Dedicated source of operating funds remains a key challenge
FOR IMMEDIATE RELEASE
May 19, 2010
The latest ridership data for March 2010 indicates that the Lynchburg train now exceeds the annual ridership goal of 51,000 with 55,025 passengers during the first six months of operation. The service also exceeded the annual revenue goal of $2,580,000 by generating $2,839,448 in revenue.
The service’s monthly ridership began at 8,585 in October 2009 and ended the first six months of operation at 11,365 in March 2010, the highest monthly ridership to-date. The average monthly ridership has been 9,171 over the six month period. While these results are promising, there are many factors that can influence ridership, such as additions/changes in service, seasonal changes, service interruptions, on-time performance, fuel prices and unemployment levels.
“Today’s surplus in operating funds for the Lynchburg train will help fund operating shortfalls over the next three years of demonstration service,” said Virginia Department of Rail and Public Transportation (DRPT) Director Thelma Drake. “It’s important to remember that passenger rail ridership fluctuates, and we still have a long way to go before the end of the three-year period.”
The Lynchburg train has consistently exceeded its monthly performance targets since service began in October 2009. The top two stations in boardings and alightings on this route as of March 2010 are Charlottesville and Lynchburg. Every station along the route has seen significant increases in passenger traffic compared to the previous year, with highest growth at the Lynchburg station at 68 percent, followed by the Culpeper station at 40 percent year-to-date growth.
“The Lynchburg service is a great example of how Amtrak can work successfully with a state partner to meet a need for intrastate rail service,” said Jay McArthur, principal officer in Amtrak’s Policy & Development Department. “Our goal is to provide central Virginia with a transportation alternative, and we’re encouraged by the enthusiasm Virginians have shown during the first six months of operation.”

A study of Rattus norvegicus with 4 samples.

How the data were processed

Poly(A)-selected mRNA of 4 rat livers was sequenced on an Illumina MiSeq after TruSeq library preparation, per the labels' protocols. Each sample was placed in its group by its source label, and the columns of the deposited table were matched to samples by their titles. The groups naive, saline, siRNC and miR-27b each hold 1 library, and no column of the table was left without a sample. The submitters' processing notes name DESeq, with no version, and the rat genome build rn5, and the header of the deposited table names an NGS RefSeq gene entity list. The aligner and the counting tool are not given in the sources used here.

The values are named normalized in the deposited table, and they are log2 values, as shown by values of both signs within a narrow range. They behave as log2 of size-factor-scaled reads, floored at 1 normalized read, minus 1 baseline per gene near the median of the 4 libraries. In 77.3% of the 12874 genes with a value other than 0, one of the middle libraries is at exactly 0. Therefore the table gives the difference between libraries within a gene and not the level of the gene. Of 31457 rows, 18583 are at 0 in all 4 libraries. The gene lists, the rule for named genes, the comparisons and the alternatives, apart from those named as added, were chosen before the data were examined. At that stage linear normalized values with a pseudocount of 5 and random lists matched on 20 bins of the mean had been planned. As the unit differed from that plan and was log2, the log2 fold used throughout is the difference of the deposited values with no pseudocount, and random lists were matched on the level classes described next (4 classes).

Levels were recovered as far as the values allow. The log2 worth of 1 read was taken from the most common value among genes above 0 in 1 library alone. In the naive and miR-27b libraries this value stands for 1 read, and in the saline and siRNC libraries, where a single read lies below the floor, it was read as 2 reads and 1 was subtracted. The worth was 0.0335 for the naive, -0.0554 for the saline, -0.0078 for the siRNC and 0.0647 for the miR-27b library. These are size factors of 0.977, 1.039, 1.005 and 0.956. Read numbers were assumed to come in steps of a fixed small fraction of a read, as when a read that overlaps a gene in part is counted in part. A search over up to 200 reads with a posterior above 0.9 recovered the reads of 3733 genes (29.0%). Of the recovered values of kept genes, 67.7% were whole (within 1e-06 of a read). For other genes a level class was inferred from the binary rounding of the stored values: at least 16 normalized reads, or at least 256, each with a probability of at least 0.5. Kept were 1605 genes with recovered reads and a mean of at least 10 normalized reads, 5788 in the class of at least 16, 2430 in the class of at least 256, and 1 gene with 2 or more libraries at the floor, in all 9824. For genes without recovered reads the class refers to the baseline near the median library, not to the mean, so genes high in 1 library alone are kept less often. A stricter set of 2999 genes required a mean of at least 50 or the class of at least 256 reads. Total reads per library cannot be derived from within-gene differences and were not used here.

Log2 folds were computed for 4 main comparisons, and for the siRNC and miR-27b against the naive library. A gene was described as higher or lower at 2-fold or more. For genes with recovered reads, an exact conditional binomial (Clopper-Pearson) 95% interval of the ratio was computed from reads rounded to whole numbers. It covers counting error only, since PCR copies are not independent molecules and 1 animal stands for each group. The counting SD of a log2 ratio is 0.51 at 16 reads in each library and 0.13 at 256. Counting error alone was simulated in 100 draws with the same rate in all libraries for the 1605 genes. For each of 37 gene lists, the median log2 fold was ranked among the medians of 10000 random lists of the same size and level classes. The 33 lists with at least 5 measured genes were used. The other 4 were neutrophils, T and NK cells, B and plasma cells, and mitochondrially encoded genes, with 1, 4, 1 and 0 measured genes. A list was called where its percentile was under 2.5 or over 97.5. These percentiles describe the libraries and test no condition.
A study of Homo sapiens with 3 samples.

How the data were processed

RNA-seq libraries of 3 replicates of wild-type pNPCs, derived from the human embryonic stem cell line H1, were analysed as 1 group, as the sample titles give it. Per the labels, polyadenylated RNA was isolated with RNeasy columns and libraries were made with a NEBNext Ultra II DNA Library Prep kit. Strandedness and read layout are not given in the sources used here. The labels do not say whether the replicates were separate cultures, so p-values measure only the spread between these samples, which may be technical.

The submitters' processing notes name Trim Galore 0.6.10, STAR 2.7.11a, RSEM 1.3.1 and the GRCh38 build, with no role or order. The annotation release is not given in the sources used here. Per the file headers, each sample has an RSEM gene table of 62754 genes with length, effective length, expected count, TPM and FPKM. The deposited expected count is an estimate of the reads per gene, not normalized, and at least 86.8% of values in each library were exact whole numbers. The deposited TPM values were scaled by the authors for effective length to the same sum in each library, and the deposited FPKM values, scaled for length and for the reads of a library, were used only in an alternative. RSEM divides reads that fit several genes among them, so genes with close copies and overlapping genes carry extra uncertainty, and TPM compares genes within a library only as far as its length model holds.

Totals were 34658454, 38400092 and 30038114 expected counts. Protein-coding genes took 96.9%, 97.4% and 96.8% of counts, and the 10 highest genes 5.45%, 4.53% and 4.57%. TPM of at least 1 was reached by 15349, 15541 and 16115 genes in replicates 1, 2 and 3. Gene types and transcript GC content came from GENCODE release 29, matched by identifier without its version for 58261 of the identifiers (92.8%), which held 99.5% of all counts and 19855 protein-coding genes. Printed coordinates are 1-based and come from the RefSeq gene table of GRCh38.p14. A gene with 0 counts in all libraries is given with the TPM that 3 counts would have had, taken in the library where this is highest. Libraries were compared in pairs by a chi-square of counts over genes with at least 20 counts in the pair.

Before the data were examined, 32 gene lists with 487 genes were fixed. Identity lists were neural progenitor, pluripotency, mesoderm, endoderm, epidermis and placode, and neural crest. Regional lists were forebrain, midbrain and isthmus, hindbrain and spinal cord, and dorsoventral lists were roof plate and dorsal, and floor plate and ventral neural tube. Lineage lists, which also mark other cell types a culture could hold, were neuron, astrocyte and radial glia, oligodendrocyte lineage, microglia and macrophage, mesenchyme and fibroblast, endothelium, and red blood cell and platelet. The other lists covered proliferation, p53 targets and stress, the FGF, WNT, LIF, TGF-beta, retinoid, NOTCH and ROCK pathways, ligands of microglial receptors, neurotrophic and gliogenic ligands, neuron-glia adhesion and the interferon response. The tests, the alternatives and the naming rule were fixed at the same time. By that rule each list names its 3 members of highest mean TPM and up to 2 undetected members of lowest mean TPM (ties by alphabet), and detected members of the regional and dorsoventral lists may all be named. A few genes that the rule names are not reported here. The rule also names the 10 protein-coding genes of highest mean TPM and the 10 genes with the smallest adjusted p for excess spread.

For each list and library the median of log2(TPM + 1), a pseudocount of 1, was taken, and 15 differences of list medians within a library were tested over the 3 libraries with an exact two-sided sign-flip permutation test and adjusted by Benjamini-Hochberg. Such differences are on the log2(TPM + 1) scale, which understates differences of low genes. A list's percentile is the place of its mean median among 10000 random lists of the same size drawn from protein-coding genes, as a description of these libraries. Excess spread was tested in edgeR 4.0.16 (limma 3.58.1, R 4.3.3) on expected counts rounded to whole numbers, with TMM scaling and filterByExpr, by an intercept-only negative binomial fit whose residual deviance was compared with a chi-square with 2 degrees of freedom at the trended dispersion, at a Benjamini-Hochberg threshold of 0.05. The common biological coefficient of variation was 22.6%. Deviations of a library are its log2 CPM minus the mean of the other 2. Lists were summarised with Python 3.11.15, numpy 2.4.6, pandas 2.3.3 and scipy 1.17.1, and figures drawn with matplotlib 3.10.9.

More passenger traffic means more visitors and economic benefits for the Commonwealth, and Amtrak Virginia is partnering with The Virginia Tourism Corporation to promote tourism and train travel in Virginia. New travel packages are available with significant discounts on lodging and local attractions in the Charlottesville and Lynchburg regions when you travel with Amtrak. See our Hot Deals page for details: http://www.amtrakvirginia.com/HotDeals.aspx.
“The success of the new Amtrak route to Lynchburg proves that good things happen when you connect people to great destinations via rail,” said Alisa Bailey, president and CEO of the Virginia Tourism Corporation. “You step off the train right into the heart of central Virginia with a wealth of experiences that you and your family can discover and enjoy together.”
The Virginia Department of Rail and Public Transportation (DRPT) has contracted with Amtrak to bring additional passenger rail service to Virginia in the I-95 and I-81 corridors over a three-year demonstration period. The agreement includes the new Lynchburg train and a new train between Richmond and the Northeast Corridor to be launched this summer.
If the service is successful, and if additional funding becomes available, the Lynchburg train could be extended to Roanoke and the Richmond train could be extended to Norfolk to provide one-seat travel from Southwest Virginia and Hampton Roads as far north as Boston.
Demonstration projects help Virginia determine the viability of new transportation choices. After the demonstration period, sufficient performance data will be available to determine whether the service should continue on a more permanent basis.
A key challenge facing the new service is the availability of operating funds. Virginia has no dedicated source of state rail operating funds today. Governor McDonnell and the General Assembly authorized up to $6 million in Rail Enhancement funds to support operating costs in FY 2011, but there is no funding identified beyond FY 2011.
Virginia Senator Yvonne Miller sponsored SJ63, which directs DRPT to evaluate potential state operating fund sources and report back to the General Assembly before the beginning of the 2011 session. The report will provide benchmarking information about passenger rail funding in other states and other data that the General Assembly will need to make important decisions about the future of passenger rail service in Virginia.